Five Questions for Every Sponsorship Prospect
Prospecting is arguably the most important part of the sponsorship and corporate fundraising process. It is through prospecting meetings with sponsors, geared towards information gathering rather than sales, that you learn whether or not the market will support your goals. If you’ve read my post about sponsorship pipeline building then you know that corporate fundraising favours the sales cycle and not the donor pyramid, so the types of questions you need to ask of your prospects must reflect that.
5 Questions for Every Sponsorship Prospect
Here are the five most important questions you should be asking of when seeking sponsorship in order to be able to create a custom sponsorship package:
- Who is your target audience?
- How do you normally engage in sponsorship?
- What does your target market value?
- What can you tell me about your sales goals for the coming year?
- What would you consider to be the most important elements of a sponsorship package?
I know what you’re thinking: You didn’t get a chance to deliver your sponsorship package or describe your sponsorship levels. Keep reading to find out why this is a good thing, and while you’re at it check out my article on the real goals of the sponsorship sales meeting.
Ask Your Way to More Sponsorship Sales
What do you notice about these five questions? First, none of them are statements! I know this seems obvious but it’s important to pause here to consider this very simple message. You should be asking questions and listening far more than talking about your sponsorship package- this is how to get sponsorship money!
When nerves take over and most people I have worked with move into “spaghetti mode.” They throw every fact that they can think of about their organization at the wall in hopes that something will stick. They hope the sponsor will hear that magic word or key message and write a cheque. The truth is, less is more when it comes to your messaging.
The Best and Most Unique Sponsorship Activation Ideas will Come From Your Prospect!
Of course you should talk about your organization and the good work you do but you won’t discover what your prospect’s cause marketing goals are by walking them through your five-year strategic plan or handing them your annual report!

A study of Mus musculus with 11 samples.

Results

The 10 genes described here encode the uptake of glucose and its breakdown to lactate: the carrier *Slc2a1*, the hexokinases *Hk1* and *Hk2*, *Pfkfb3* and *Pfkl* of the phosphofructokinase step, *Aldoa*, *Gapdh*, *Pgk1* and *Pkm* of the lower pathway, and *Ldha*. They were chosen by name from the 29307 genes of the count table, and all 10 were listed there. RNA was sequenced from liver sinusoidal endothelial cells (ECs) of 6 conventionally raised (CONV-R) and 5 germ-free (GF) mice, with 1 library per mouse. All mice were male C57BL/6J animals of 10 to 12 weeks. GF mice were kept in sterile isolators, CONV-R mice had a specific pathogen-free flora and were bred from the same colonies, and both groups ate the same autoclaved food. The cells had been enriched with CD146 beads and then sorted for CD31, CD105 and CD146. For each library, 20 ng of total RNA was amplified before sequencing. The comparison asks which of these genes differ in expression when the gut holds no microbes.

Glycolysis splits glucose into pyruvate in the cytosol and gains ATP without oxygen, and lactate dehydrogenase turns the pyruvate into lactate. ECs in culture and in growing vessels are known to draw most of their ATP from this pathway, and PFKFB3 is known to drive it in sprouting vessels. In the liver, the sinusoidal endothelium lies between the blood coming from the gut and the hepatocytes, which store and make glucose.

Be honest with your prospect and tell them that you want to work with them and that you are there to learn as much as possible about them and their goals. Tell them that you don’t believe in a one-size fits all approach to sponsorship and that you want to learn more about their key stakeholders, i.e. their customers.
The Most Important Question Before
Sending a Sponsorship Package
“How does that sound to you?”
Why is this the most important question? Because you would never dream of submitting a proposal or moving to the next step until you have your prospect’s explicit permission to do so.
Some rules about using this question:
- You can only ask it once you have asked the preceding five questions
- You can only ask it if you can genuinely draw a link between their customers and your brand
- You can only ask it once you have heard everything said by your prospect and repeated a summary back to them proving you heard and understood them
- You can only ask it after you’ve said something like “I would love to work with you and your company, why don’t I take this back to the team so that we can get to work on some ideas…”
It’s Not About Money!
When you are meeting with a prospect please avoid asking them about money! Focus on selling your value and not your price and above all, avoid turning this into a transactional relationship. If cost comes up, use it as a chance to ask them about a range that fits their budget. The truth is, you are going to be building a custom package and don’t really know what the end cost will be. Since it’s a custom package, you will be able to swap certain items in and out to change the cost of the package to fit your prospect’s needs. If you do your job well and really listen, you and your prospect will be able to work together on a fair price that meets both of your needs.
Commit to the process and spend your mental energy focusing on your prospect and helping them achieve their goals rather than trying to sell them a predefined package.
Chris Baylis is a sponsorship and corporate fundraising specialist. Chris has managed the entire spectrum of the sponsorship process, raising millions of dollars for charities, associations and not for profits and is a board member of the Association of Fundraising Professionals.